By Tuck Communications
Published Nov 10, 2009
When Tuck Professor of Strategic Management Richard D'Aveni returned from a restaurant dinner to retrieve his new Lexus, he was reminded of the inescapable reality of commoditization, the topic of his new book. "I remember you," the valet recalled. "You came in with a Honda."
In Beating the Commodity Trap (Harvard Business School Press, December 2009), D'Aveni tackles commoditization, which occurs when a product becomes indistinguishable from others like it and consumers buy on price alone. Honda has designed the Accord to compete with the Lexus GS 300. It has similar features and style, but it is significantly cheaper. The valet unwittingly demonstrated the success of the tactic, and Professor D'Aveni was not impressed. "I was ticked off!" he recalled.
The incident demonstrated what D'Aveni calls the "brutal fact of 21st-century business life." Firms in almost every industry are suffering from commoditization, which forces them to constantly improve quality or other product benefits while decreasing prices to keep up with competitors. A commodity trap is where a company sees its competitive position eroded to the extent that it can no longer command a premium price in its market.
D'Aveni's book is meant as a practical guide for firms, helping them to recognize and address their situations. He describes three different circumstances under which commoditization takes place. Deterioration happens when a low-end player undermines everyone else in the industry with low prices. Spanish retailer Zara, for example, began using new mass-production strategies to offer cheap knockoffs of designer clothing and shook up the entire fashion industry. Proliferation is when competitors develop new combinations of price and benefits that attack part of your market. Wal-Mart, he points out, is under attack by the warehouse clubs, dollar stores, Target's cheap chic, and Kroger's—all of whom have been successful at biting off a sliver of the discount retailer's market. The third circumstance is escalation, in which prices decline while benefits increase. Apple, for example, dominated the smart-phone industry with the iPhone, which offered many features at an unbeatable price.âï¿½¨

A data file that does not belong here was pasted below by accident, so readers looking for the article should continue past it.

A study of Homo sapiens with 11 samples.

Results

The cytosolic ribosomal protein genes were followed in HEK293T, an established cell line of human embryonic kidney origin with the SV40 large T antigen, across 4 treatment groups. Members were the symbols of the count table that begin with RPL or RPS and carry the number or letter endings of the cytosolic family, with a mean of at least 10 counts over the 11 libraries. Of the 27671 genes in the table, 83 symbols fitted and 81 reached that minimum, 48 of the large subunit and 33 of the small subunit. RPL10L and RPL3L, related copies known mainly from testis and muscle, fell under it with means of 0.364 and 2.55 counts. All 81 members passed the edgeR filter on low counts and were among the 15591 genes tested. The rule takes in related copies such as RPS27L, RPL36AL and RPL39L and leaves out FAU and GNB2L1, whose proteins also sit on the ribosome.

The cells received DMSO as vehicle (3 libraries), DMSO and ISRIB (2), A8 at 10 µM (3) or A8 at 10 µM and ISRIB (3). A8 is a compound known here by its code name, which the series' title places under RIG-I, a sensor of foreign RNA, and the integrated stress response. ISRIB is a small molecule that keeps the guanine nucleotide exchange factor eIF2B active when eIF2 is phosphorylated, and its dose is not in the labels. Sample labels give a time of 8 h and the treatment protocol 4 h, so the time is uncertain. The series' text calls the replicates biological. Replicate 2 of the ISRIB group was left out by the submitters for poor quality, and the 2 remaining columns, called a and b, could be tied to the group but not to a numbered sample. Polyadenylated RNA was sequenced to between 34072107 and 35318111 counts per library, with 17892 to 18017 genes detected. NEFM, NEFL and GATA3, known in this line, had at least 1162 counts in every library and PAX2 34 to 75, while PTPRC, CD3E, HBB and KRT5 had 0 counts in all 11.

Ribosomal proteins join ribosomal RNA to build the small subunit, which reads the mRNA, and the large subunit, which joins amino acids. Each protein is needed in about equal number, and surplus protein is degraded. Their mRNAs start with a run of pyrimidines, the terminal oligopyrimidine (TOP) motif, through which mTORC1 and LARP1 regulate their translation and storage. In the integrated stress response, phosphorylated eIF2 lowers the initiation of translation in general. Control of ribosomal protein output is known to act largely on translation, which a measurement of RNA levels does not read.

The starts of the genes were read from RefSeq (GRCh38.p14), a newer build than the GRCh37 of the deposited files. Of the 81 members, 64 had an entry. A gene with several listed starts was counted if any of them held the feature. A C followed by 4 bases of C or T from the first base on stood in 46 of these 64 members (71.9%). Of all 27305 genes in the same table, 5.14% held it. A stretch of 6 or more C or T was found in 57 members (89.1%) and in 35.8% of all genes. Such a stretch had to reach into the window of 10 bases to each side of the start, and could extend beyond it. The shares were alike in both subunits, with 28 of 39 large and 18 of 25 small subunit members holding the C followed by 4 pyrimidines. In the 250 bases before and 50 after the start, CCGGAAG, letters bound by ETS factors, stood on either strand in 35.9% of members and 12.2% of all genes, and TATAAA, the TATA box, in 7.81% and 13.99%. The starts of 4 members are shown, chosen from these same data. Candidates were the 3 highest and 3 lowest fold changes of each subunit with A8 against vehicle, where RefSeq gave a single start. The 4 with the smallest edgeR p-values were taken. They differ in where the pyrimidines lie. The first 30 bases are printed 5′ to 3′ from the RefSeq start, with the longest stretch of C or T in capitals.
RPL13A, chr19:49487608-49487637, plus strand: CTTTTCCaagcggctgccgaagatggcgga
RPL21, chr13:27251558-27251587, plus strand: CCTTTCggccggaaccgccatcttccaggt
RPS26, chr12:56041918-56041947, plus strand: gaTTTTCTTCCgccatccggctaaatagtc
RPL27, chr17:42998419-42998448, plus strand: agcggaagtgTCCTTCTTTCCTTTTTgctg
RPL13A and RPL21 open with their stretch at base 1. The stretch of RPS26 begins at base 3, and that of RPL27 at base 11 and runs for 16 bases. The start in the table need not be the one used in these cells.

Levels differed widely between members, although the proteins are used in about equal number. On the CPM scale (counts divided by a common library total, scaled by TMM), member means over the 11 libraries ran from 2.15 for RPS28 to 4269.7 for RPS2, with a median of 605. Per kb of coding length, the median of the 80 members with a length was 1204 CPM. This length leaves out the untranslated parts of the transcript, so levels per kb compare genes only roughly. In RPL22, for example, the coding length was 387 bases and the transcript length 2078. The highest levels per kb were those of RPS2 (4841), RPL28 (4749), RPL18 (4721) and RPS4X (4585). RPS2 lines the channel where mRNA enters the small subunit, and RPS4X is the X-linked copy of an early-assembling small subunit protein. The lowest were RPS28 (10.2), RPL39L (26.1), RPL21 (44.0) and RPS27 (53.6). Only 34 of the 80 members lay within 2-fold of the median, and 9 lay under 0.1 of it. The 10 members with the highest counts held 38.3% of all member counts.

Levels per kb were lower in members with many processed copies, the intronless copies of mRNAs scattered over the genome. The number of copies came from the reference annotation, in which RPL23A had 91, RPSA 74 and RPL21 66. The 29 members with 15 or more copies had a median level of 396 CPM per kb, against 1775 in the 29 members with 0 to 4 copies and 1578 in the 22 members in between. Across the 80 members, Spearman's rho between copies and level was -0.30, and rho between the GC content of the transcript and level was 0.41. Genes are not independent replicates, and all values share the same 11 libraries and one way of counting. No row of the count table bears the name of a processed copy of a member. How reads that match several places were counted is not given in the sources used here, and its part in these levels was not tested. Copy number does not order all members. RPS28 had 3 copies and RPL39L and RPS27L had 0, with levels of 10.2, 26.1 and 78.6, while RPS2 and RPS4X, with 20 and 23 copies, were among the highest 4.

The classic strategy for firms facing a commodity trap is to differentiate their product from others like it. "Now," says D'Aveni, "because of changes in technology and globalization, continual differentiation is a necessity, not a competitive advantage." The book outlines three different strategies: escape the trap, undermine the trap, or use the trap to your advantage. Regardless of the strategy a firm pursues, however, beating the commodity trap involves forcing fundamental changes in the way one's industry is structured and behaves.
Competition, of course, has always been part of the Western commercial landscape. One of the book's case studies describes how Harley-Davidson responded to competition from Honda, Suzuki, and Yamaha back in the 1970s and '80s. But the commoditization that companies face today, says D'Aveni, is different because of the order of magnitude. Rapid technological change has mobilized the enormous workforces of India and China, revolutionizing service and manufacturing industries with low-cost labor. While the Asian Tiger threat of the '80s was largely neutralized in two decades, D'Aveni estimates it will take a century before standards of living in China and India improve, with a corresponding rise in costs of production in those countries. "In the '70s and '80s, people could hold on and survive," he says. "But if this turns out to be three, even four generations of people, the long run is not feasible to wait for. That's why I wrote this book now.
D'Aveni has a knack for being the first to articulate phenomena in terms that later become standard. His best-selling book Hypercompetition (Free Press, 1994) described the climate in which rapid technological change and globalization make it impossible for firms to sustain competitive advantage. This concept and the strategies he devised to deal with it became highly influential. In 2009, The Times of London named him one of the world's top 50 thinkers for his work on business strategy.
Over the past three years, D'Aveni has had some 60 Fortune 500 CEOs speak in his Tuck classes, and he used their experiences in his latest book. He also used information gathered from consulting work he does for companies fighting hypercompetition and analyzed quantitative industry data. In his acknowledgements, he thanks the CEOs and the MBA and Masters of Engineering Management students who worked on independent-study projects or statistical analysis. "They gave me lots of ideas for different places in the book, so I got their permission and involved them in the research, and I thought they learned a lot. So this is truly a Tuck product."